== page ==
If Apple is known for anything, it’s the company’s ability to deliver solid designs on products that customers actually want to show off. From the smartphone to the tablet to the computer, Apple has been able to make showing the device you’re using actually kind of cool.
A few years ago, Netscape co-founder Marc Andreesen wrote an article explaining why software is eating the world. His fundamental premise was that both the access to the Internet and the tools to develop quality software with ties to the Web have become pervasive.
While Android OS is emerging as the dominant player in the smartphone market, the iPad continues to rule the tablet segment. With over a 100 millions iPads sold, many developers are mulling iPad application development. Here are my seven iPad facts you should know before plunging into the development process.
When I walk through my local Best Buy store or check out tablets online, or even see the latest devices shown off by tablet makers, I’m struck by the sheer number of companies that make the same mistakes over and over again.
Some CEOs set visionary goals, others are better at operations -- making sure products ship on time, profit margins stay high, etc. Steve Jobs was a visionary, his successor Tim Cook, is considered more of an operations guy.
It’s no secret that today’s manufacturing landscape is in the midst of global upheaval. What may seem surprising to some is that the tablet is poised to become every smart manufacturer’s secret weapon in the battle to regain dominance and market share.
The personal computer as we know it has changed drastically. For decades the industry was defined as a computer with a large screen, a keyboard, and a mouse. That era is over and a tablet shaped future is upon us.
Every Apple new product announcement and rumor gets more coverage than most natural disasters or other “real” news. Part of that is a credit to Apple’s tight security and secrecy that makes every morsel of news that much tastier to media hounds.
There’s a fast-approaching disconnect between the devices IT managers want employees to use and the devices employees actually want to use. The reason is simple; the device market is maturing and consumer choice is more diverse than it has ever been.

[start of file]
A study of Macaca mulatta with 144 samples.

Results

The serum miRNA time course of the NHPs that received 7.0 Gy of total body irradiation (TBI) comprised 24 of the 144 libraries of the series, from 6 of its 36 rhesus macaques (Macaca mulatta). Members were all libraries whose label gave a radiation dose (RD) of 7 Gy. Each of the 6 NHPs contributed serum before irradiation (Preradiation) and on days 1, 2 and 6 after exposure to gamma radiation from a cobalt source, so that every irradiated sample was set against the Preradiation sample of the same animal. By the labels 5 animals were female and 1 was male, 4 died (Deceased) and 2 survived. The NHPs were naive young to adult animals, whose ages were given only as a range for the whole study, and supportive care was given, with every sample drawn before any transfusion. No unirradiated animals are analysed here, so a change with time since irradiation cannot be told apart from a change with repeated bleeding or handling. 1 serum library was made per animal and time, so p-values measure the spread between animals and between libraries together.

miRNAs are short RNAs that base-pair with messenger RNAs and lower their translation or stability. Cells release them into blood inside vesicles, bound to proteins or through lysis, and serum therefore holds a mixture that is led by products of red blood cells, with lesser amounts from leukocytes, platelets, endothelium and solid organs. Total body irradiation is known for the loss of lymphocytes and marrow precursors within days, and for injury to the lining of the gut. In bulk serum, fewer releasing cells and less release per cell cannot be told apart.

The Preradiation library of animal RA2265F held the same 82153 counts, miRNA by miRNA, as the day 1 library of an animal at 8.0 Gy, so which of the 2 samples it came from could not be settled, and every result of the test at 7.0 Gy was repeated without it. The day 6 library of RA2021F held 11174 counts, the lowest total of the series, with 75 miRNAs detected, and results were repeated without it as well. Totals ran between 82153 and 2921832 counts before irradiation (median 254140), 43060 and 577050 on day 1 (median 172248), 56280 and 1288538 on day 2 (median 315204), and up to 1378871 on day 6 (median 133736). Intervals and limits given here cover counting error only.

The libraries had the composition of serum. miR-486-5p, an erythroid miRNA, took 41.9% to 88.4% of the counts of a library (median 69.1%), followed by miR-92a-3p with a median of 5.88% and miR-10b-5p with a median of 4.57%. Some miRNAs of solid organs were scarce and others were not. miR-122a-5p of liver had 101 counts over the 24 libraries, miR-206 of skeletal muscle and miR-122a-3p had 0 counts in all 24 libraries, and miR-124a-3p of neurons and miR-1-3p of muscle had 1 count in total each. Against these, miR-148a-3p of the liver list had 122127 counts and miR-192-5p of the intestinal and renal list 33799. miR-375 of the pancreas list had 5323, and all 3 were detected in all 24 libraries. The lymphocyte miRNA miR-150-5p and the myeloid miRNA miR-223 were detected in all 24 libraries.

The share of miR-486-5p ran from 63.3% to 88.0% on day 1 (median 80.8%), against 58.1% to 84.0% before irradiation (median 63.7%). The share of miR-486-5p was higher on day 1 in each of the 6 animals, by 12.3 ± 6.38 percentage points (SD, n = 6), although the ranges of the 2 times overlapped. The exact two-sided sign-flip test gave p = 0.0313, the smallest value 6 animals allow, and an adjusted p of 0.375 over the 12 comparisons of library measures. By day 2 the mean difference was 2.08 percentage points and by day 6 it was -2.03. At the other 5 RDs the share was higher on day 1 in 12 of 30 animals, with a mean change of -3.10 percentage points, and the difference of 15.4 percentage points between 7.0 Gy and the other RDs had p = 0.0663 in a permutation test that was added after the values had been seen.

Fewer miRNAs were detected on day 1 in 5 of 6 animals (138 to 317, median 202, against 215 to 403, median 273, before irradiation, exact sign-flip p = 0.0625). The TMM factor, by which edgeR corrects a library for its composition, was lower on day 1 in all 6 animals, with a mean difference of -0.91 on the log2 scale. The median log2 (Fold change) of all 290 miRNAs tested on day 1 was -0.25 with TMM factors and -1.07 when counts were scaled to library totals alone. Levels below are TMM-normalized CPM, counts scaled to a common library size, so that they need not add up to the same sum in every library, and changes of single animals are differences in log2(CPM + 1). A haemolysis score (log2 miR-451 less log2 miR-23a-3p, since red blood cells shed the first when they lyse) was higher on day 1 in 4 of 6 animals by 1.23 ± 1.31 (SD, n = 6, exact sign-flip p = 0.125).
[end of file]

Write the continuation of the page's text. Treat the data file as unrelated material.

Growing demand for smaller, sub 8-inch tablets is widely seen as a good thing for Amazon, Google, the Android operating system and the tablet market as a whole. But one analyst now contests that these models could even help notebook makers.
When Palm developed webOS, it was generally accepted that it was one of the best mobile operating systems ever created even if it was developed too late to help save Palm from the onslaught of Apple’s iOS and Google’s Android.
As an analyst, studying companies and exploring future scenarios related to those companies is a weekly exercise. Although I haven’t quite come to solid conclusions related to how Microsoft gets from where they are today to where they need to be, I do have some ideas.
Some people use their tablet as a bigger-than-a-smartphone video screen for content consumption, while others use it as a desktop companion. I say adding a stylus will change your tablet experience and make you more productive.
Will the prosperous advent of phablets mean the recovery of the PC? Phablets, or smartphones with screen sizes between 5-8 inches are popping up all over the place and they’re having an interesting influence on how we view mobile devices.
One of the more telling aspects of Microsoft’s upper management is their lack of support for 7-8” tablets. Although Windows 8 was mostly baked by the time 7” tablets started gaining momentum, they didn’t see their potential early enough.
The common perception with respect to app stores is that there are just a few options. If you want a place to sell your app or if you’re looking for a place to buy an app, the mythology mandates that you go with an option provided by Apple or Google. But it's time for the truth to break through.
Move over Generation X and Y, there’s a new movement capturing headlines – the BYOD generation. It seems consumers (many of whom who are also your employees), can’t get their hands on new tablets and smartphones fast enough. But what does that mean for your corporate network? Here are eight ideas.
After using the Samsung Galaxy Note II for a few weeks, I began to wonder if the 5” plus smartphones are the perfect devices for mobile professionals. I think it would be hard to argue that the larger the screen the more productive we can be. But what is the largest pocketable screen size?
The proliferation of tablets in the consumer market has been heavily reported, but the professional design and manufacturing space is equally interesting. As professionals in these markets are increasingly on the go, there has been a trend toward developing software solutions specifically for tablets and slate PCs.
One of the things Apple has demonstrated over its lifetime is that it has become the great disruptor. When the Mac came on the scene in 1984 and introduced computer users to the graphical user interface, it shook up the text based DOS OS market so dramatically that it forced Microsoft to follow their lead quickly in order to stay relevant. Now GUIs are the norm on all PCs.
This whitepaper profiles the Panasonic Toughpad, and how its unique and durable features, combined with mobile business solutions, are allowing field workers in rugged conditions to get more done: view it now.
In the world of rugged mobile devices, words like MIL-STD and IP ratings are frequently used without explanation. This whitepaper will help you navigate the terms and acronyms so you can make informed decisions: view it now.